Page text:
I frequently hear stories from patients that start with “I had my thyroid tested and everything was normal but I’m still not feeling well” OR “I’m not feeling any better since starting thyroid medication”. Both scenarios are significant clues that we need to dig deeper to figure out what’s going on.
Let’s back up and start with some basics on thyroid disorders and what might make you suspicious of a problem. The thyroid, a butterfly-shaped gland located in the middle of your neck, is a major player in metabolism and can create a host of problems when not working well.
There are two major types of thyroid disease:
Hypothyroid is when you’re not producing enough thyroid hormone and hyperthyroid (aka Graves’ Disease) is when there is too much hormone. Today the focus is more on hypothyroid which can cause a multitude of symptoms including fatigue, weight gain, hair loss, constipation, dry skin and intolerance to cold but the lab information can potentially apply to both.
Let’s chat about how thyroid function is often assessed vs. the “digging deeper” I prefer. The most commonly ordered lab test is TSH. TSH is a hormone produced by the anterior pituitary in the brain and is the signal that tells the thyroid to produce hormones, T4 and T3. If the thyroid isn’t producing enough hormone, TSH increases because it needs to get louder to try and get the thyroid to respond and eventually can = hypothyroid. If the thyroid is producing too much, TSH production decreases and gets “quiet” which = hyperthyroid.
TSH is a good place to start but doesn’t always tell the full story. I like to expand testing to include T4 and T3 for a few major reasons:
- You can have a normal TSH but low T4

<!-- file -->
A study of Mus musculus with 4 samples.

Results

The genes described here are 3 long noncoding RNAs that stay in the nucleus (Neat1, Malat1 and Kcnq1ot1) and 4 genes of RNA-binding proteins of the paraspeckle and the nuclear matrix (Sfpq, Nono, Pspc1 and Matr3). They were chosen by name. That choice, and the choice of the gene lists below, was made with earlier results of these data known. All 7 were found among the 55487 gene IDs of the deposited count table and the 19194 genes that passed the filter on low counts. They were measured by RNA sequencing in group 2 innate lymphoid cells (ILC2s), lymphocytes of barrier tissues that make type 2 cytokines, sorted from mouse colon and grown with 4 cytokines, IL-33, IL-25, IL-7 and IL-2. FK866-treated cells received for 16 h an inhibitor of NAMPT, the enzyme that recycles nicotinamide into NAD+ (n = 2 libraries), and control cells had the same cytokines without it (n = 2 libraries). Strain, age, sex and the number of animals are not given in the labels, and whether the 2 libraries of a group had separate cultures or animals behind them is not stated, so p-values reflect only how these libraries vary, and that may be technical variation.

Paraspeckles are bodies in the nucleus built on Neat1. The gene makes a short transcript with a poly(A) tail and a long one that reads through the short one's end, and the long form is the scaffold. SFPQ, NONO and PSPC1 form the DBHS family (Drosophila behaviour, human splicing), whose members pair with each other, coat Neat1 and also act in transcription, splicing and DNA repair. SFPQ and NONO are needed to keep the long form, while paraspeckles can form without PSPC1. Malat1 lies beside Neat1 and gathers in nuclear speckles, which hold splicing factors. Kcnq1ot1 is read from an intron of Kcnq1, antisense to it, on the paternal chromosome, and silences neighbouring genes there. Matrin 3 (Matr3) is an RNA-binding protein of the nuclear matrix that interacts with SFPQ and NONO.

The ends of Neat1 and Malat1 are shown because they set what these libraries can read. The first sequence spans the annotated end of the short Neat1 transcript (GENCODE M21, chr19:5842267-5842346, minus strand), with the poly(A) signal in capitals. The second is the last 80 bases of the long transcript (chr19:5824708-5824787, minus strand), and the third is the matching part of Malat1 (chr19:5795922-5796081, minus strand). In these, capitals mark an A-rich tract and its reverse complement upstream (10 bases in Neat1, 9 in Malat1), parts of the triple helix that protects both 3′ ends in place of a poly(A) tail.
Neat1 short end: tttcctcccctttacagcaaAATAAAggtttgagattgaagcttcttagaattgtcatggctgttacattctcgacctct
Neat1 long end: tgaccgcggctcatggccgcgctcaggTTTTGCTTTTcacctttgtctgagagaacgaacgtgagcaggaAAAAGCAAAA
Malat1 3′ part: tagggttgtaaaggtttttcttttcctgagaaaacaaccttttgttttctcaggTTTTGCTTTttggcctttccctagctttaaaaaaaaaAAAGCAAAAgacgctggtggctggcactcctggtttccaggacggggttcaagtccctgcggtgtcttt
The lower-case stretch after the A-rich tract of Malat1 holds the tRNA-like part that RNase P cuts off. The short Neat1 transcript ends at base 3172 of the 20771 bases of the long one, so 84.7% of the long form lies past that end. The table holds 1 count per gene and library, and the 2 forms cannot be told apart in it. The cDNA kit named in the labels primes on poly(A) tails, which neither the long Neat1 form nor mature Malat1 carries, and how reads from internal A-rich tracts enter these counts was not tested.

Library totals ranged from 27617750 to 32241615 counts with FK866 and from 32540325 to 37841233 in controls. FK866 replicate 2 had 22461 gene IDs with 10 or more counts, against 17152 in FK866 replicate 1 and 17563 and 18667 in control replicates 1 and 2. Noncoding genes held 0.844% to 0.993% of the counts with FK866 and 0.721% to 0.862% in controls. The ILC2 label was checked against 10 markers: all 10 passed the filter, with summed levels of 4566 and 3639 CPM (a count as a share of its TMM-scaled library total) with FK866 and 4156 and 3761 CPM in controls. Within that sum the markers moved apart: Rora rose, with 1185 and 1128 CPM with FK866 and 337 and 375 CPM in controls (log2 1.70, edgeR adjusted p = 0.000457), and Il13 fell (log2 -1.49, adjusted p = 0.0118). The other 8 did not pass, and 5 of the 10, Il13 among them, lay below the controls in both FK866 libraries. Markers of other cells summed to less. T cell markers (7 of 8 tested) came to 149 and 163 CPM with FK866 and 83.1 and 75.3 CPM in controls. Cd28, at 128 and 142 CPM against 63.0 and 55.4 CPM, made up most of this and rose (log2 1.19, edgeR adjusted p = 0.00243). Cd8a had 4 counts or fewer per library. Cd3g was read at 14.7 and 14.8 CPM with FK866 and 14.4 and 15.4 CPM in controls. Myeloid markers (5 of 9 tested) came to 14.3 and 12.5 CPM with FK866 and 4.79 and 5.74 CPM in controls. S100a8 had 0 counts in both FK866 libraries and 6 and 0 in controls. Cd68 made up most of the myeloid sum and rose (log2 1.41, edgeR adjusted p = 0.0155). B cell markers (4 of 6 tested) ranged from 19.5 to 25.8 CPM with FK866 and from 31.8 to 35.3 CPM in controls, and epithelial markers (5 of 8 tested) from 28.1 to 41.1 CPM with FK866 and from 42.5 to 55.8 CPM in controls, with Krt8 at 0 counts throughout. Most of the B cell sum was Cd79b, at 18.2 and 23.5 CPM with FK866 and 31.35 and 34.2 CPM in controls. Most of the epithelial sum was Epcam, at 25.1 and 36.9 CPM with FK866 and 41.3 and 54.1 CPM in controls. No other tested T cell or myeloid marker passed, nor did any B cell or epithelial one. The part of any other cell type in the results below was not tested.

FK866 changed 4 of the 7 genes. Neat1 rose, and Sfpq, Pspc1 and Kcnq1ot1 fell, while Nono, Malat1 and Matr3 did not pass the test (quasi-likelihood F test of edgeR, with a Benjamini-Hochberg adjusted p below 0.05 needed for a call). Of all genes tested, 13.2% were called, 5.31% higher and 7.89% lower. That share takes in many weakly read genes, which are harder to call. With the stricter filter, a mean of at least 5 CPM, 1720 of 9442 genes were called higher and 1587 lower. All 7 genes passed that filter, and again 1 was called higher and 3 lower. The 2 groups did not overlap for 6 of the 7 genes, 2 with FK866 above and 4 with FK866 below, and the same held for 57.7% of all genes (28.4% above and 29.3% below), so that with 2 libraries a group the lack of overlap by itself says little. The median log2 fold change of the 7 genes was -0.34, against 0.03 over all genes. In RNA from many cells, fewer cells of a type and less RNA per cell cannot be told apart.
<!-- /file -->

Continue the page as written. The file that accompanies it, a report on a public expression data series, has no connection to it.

- There can be a normal TSH AND normal T4 but abnormal T3. This scenario is important because T3 is the active hormone or what I like to call the “work horse” when it comes to thyroid function and metabolism.
- There are therapies that don’t necessarily involve thyroid medication that help improve both situations above, but you have to know these issues exist in order to address them.
No matter the TSH levels, I also like to assess thyroid antibodies, specifically thyroid peroxidase (TPO) and thyroglobulin. These lab markers are a big deal if positive, showing autoimmunity against the thyroid which means the body is attacking itself. This is called Hashimoto’s and ideally should be addressed differently than hypothyroidism from other causes. There are many cases when thyroid antibodies are elevated while hormones levels are normal which provides the ability to treat the autoimmunity and potentially avoid any hormone replacement if caught soon enough.
Testing doesn’t necessarily end here- there are lots of other areas that can and sometimes should be assessed that indirectly impact thyroid health including adrenal function, sex hormones and GI health. If you’re ready to dig deeper with your hormone health, I’m here to help!